Once you have the emulator or a device running SE for Android, you can run adb shell and then look for signs that SELinux is present, e.g.
getenforce ls -Z ps -Z dmesg | grep SELinux
On 4.4 and later, SELinux defaults to enforcing unless androidboot.selinux=permissive is passed as a command line argument to the kernel.
Before putting a new board/device into enforcing mode, make sure you don't have any residual denials to address in your policy, e.g.
adb shell su 0 dmesg | grep avcshould show no output.
In 5.0 and later, avc denials are now also logged to logcat, so you can alternatively check for denials in your logcat output, e.g.
adb logcat | grep avc:
To change enforcing mode at runtime, you can run the setenforce command from an adb root shell, e.g.:
# Check current enforcing status. adb shell getenforce # Switch to enforcing. adb shell su 0 setenforce 1 # Switch back to permissive. adb shell su 0 setenforce 0
In addition to the global enforcing mode, SELinux supports a per-domain permissive mode that allows specific processes to operate in permissive mode while the rest of the system remains enforcing. In 5.0, per-domain permissive mode is specified in the policy sources via "permissive_or_unconfined()" macro calls; these calls will make the domain permissive in -userdebug or -eng builds but make it enforcing but mostly unconfined in -user builds. In master, the unconfined domain has been removed but you can still make a domain permissive for development via "userdebug_or_eng(`permissive name-of-domain;')" calls; these calls will make the domain permissive in -userdebug or -eng builds but fully enforcing and confined in -user builds.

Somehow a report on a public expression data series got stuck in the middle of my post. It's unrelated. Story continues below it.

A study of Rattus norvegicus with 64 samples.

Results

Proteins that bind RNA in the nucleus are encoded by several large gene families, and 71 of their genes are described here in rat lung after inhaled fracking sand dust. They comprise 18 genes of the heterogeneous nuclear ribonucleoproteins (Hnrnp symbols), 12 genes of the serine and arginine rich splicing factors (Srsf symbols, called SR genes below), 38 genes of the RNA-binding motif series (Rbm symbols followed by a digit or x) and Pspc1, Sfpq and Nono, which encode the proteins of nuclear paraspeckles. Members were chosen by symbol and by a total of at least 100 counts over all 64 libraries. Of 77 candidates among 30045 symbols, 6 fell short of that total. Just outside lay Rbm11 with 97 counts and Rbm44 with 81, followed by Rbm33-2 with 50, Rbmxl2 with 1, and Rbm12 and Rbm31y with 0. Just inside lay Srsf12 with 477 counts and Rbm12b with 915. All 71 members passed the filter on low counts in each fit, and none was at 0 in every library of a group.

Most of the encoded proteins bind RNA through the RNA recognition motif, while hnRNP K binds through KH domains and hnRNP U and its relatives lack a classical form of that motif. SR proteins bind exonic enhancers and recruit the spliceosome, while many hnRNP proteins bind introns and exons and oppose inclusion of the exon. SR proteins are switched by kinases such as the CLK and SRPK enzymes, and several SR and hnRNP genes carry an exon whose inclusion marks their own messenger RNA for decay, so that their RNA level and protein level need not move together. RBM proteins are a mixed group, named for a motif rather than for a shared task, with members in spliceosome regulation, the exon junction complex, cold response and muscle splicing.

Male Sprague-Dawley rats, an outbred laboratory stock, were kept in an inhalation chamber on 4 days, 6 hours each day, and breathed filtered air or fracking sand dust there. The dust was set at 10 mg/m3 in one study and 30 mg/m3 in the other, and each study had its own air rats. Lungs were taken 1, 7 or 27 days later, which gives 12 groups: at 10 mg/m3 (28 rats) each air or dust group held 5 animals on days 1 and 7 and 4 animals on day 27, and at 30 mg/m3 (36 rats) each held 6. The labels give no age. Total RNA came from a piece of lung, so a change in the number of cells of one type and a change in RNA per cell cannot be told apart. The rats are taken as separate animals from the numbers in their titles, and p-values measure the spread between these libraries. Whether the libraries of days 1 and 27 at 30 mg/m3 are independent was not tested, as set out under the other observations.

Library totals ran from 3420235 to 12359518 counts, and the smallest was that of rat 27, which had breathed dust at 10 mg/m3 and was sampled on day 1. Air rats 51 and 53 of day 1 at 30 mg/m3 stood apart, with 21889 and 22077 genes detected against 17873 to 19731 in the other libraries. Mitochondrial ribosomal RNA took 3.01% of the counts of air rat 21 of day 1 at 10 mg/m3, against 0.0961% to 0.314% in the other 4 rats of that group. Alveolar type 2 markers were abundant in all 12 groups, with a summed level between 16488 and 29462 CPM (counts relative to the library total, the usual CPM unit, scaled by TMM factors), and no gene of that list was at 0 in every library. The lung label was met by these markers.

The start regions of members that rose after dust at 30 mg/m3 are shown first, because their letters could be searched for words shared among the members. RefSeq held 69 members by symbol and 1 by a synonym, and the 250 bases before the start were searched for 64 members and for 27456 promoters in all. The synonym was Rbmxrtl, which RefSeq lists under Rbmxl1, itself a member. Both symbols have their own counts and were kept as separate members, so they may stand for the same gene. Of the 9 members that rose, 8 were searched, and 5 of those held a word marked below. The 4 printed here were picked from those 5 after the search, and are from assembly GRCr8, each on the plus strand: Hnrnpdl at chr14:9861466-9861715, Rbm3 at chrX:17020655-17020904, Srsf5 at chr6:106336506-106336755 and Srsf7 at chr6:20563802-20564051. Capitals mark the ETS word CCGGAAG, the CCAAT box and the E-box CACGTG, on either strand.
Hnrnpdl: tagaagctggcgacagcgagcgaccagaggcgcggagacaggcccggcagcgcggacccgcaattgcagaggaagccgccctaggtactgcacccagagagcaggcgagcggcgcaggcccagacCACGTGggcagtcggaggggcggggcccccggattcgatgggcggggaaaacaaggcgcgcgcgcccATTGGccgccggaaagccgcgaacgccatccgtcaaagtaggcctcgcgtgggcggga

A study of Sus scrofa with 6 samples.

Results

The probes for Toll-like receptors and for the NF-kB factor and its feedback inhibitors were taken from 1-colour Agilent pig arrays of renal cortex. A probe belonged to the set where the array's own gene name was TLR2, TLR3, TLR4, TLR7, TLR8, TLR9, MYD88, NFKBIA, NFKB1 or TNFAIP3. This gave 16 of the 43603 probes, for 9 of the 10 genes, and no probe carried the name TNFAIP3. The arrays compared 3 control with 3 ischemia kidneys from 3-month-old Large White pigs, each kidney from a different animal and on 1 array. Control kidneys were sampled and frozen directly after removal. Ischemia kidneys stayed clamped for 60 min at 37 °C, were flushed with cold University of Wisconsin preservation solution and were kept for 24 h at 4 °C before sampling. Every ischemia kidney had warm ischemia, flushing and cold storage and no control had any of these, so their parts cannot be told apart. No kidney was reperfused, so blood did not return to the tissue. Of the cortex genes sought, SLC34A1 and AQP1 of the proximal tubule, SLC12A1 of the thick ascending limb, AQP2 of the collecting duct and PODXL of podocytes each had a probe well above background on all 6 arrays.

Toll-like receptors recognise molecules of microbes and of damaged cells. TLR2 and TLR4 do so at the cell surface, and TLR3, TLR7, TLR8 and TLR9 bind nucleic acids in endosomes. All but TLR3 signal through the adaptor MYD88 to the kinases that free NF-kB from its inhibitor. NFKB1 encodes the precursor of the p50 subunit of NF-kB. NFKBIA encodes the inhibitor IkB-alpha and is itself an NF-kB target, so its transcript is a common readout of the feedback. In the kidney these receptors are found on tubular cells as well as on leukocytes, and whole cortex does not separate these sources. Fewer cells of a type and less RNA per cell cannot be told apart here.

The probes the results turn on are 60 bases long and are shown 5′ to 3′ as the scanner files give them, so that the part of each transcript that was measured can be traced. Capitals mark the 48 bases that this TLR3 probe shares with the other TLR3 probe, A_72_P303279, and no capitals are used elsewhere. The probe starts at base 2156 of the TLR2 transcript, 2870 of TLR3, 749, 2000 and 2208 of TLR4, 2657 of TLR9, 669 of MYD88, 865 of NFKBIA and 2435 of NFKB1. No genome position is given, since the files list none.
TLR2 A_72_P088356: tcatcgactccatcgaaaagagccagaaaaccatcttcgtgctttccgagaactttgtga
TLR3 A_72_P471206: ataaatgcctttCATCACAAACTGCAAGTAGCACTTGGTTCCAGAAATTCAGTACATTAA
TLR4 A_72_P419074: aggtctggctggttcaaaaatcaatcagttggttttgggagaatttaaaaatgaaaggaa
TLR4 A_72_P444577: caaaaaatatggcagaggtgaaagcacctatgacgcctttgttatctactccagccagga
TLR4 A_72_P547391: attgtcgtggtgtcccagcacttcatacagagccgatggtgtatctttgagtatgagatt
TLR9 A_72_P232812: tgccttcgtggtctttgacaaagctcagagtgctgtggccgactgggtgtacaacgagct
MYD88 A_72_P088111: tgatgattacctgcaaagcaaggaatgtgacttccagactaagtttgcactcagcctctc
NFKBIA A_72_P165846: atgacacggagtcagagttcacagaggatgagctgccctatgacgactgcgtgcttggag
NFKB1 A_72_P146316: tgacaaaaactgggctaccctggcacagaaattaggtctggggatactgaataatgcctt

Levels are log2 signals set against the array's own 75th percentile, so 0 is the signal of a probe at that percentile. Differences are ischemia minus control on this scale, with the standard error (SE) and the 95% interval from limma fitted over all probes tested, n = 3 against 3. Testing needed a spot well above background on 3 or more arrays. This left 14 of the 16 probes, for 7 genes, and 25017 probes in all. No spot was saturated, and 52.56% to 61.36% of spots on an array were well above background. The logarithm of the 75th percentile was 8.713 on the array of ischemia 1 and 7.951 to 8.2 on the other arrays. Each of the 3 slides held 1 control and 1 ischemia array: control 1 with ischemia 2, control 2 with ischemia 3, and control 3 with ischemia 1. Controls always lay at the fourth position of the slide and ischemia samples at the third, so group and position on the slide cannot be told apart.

You can capture policy denials for later use in policy debugging as follows:
adb shell su 0 cat /proc/kmsg > dmesg.txt &
On 5.0 and later, the policy denials are now also available in logcat once logd starts running, so you can capture them as follows:
adb logcat > logcat.txt &
You can later apply standard SELinux tools such as audit2allow to these logs, as in:
audit2allow -p out/target/product/device/root/sepolicy < dmesg.txt
However, note that you must specify that you are using a policy other than the SELinux policy active on the build host by using the -p option as shown above.
You can get augmented audit information, including syscall information, full pathnames, etc, by using our modified kernels that enable syscall audit and pathname collection by default.